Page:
February 28, 2007
threatens Europe: Experiments with a coupled ocean-atmosphere climate model
suggest that a relatively small influx of fresh water could greatly alter the
ocean "conveyor" that moves warm water into the North Atlantic and
moderates the climate of Western Europe. This raises the possibility that
climate change could trigger such a change. (See related papers in Prof.
Pubs./Climate Sensitivity and Feedbacks, this Digest issue--Apr. 1996;
also New Scientist, p. 20, Nov. 11, 1995.)
The long-dismissed idea that the sun could be a major driver of climate change
is gaining new adherents as researchers detect the pulse of the sun in the
ocean, on land, and in glacial ice. (See news feature in Science, pp.
1360-1361, Mar. 8, 1996, and shorter item in
Science News, p. 141, Mar. 2.)
The traditional view of the present interglacial as a period of stable climate
is being challenged by diverse evidence from around the globe that climate has
behaved erratically during the last few millennia. These shifts complicate
forecasts of future climate, as researchers must determine whether they have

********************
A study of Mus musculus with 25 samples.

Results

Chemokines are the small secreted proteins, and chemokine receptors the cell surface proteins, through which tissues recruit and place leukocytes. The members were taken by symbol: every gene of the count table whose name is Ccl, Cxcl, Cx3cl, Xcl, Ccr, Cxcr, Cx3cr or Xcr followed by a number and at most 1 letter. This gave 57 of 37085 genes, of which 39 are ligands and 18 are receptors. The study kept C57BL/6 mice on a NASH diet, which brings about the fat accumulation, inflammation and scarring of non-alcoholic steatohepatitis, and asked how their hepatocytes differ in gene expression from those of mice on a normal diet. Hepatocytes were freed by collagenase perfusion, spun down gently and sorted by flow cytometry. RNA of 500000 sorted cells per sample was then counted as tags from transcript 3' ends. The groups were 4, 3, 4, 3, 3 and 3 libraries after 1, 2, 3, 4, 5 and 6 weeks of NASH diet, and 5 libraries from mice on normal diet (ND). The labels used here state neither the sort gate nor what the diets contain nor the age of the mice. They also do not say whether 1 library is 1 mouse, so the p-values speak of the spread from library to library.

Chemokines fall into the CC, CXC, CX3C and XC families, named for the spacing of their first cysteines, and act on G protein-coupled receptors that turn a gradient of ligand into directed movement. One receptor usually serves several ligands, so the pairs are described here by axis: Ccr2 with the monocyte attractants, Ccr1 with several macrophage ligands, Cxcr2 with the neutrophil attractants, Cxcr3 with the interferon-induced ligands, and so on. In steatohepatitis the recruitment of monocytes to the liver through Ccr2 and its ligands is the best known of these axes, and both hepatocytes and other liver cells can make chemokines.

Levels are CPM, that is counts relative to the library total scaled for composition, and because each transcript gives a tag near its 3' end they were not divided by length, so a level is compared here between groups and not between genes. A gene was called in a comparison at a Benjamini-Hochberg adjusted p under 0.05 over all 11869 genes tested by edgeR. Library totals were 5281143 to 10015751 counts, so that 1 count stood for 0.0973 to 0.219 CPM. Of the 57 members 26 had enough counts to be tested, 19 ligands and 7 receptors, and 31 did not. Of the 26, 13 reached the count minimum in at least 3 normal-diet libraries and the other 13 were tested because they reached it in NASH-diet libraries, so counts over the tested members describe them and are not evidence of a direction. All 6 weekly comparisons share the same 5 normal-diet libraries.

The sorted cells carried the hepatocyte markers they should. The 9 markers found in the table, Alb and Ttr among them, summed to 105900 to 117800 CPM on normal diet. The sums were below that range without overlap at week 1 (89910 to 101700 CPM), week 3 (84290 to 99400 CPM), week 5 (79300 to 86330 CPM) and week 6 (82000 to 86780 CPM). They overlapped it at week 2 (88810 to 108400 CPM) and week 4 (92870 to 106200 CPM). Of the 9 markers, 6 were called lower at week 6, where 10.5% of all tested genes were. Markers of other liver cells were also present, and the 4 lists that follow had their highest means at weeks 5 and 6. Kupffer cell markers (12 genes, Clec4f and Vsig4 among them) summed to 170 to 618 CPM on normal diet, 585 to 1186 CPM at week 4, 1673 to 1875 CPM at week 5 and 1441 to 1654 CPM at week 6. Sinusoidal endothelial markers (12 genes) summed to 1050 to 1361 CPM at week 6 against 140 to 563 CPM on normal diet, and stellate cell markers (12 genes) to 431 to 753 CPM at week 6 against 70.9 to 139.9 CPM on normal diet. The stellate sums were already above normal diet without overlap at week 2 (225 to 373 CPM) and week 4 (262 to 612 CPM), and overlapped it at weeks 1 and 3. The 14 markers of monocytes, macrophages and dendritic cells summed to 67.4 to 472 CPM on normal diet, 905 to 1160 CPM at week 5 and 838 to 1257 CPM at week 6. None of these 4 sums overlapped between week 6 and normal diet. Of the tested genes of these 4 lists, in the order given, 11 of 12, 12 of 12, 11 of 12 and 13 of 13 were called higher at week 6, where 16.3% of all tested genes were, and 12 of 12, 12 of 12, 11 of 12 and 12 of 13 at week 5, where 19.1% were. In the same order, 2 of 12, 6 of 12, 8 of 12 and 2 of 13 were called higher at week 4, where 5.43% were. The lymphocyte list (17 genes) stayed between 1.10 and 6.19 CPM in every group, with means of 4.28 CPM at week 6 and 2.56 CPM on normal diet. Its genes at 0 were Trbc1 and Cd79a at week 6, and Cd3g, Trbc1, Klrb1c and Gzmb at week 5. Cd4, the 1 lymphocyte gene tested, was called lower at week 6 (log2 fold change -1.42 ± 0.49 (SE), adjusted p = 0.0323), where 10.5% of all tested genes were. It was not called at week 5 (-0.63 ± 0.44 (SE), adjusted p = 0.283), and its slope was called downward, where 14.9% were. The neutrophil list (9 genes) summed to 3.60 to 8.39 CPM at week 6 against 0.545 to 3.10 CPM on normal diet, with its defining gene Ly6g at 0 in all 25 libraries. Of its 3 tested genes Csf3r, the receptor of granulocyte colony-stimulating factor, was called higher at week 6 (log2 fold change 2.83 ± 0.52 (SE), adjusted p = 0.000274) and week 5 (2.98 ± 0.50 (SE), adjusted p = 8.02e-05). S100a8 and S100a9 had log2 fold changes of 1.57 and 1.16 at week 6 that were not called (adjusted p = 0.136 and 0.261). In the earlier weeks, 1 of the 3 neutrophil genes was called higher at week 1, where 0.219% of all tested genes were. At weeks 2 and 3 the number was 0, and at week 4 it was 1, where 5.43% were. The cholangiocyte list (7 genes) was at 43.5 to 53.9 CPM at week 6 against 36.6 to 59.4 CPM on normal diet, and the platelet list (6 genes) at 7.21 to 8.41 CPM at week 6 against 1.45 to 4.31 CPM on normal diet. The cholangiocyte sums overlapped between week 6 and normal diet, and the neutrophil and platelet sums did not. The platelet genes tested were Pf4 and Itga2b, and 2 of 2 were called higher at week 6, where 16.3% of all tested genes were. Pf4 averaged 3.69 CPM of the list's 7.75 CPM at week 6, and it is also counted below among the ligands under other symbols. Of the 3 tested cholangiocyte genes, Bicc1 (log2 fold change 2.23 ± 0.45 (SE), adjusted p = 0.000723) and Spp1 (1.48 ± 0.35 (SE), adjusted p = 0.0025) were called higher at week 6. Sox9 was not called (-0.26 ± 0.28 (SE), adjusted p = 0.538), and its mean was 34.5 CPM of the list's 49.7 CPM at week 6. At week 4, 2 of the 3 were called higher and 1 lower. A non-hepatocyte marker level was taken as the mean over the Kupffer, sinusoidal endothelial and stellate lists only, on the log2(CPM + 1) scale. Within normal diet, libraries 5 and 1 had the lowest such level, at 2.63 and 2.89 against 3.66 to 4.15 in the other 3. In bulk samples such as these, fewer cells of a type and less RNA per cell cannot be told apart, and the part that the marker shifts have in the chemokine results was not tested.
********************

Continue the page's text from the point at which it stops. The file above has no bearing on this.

played a role in recent global warming. (See Overpeck paper in Prof. Pubs./Of
Gen. Interest, this Digest issue--Apr. 1996, and article in Science
News, pp. 140-141, Mar. 2 1996.)
the Arctic," R. Macdonald, Nature, pp. 286-287, Mar. 28, 1996.
Presentations at the Ocean Sciences Meeting (Feb. 12-16, San Diego)
demonstrated how data from submarines, icebreakers and deep-sea moorings have
produced synoptic surveys of the ocean undreamed of a decade ago. The new tools
provide an unprecedented opportunity to follow perturbations in temperature and
in concentrations of chemicals, and to learn how the Arctic Ocean is coupled to
other oceans in the context of change.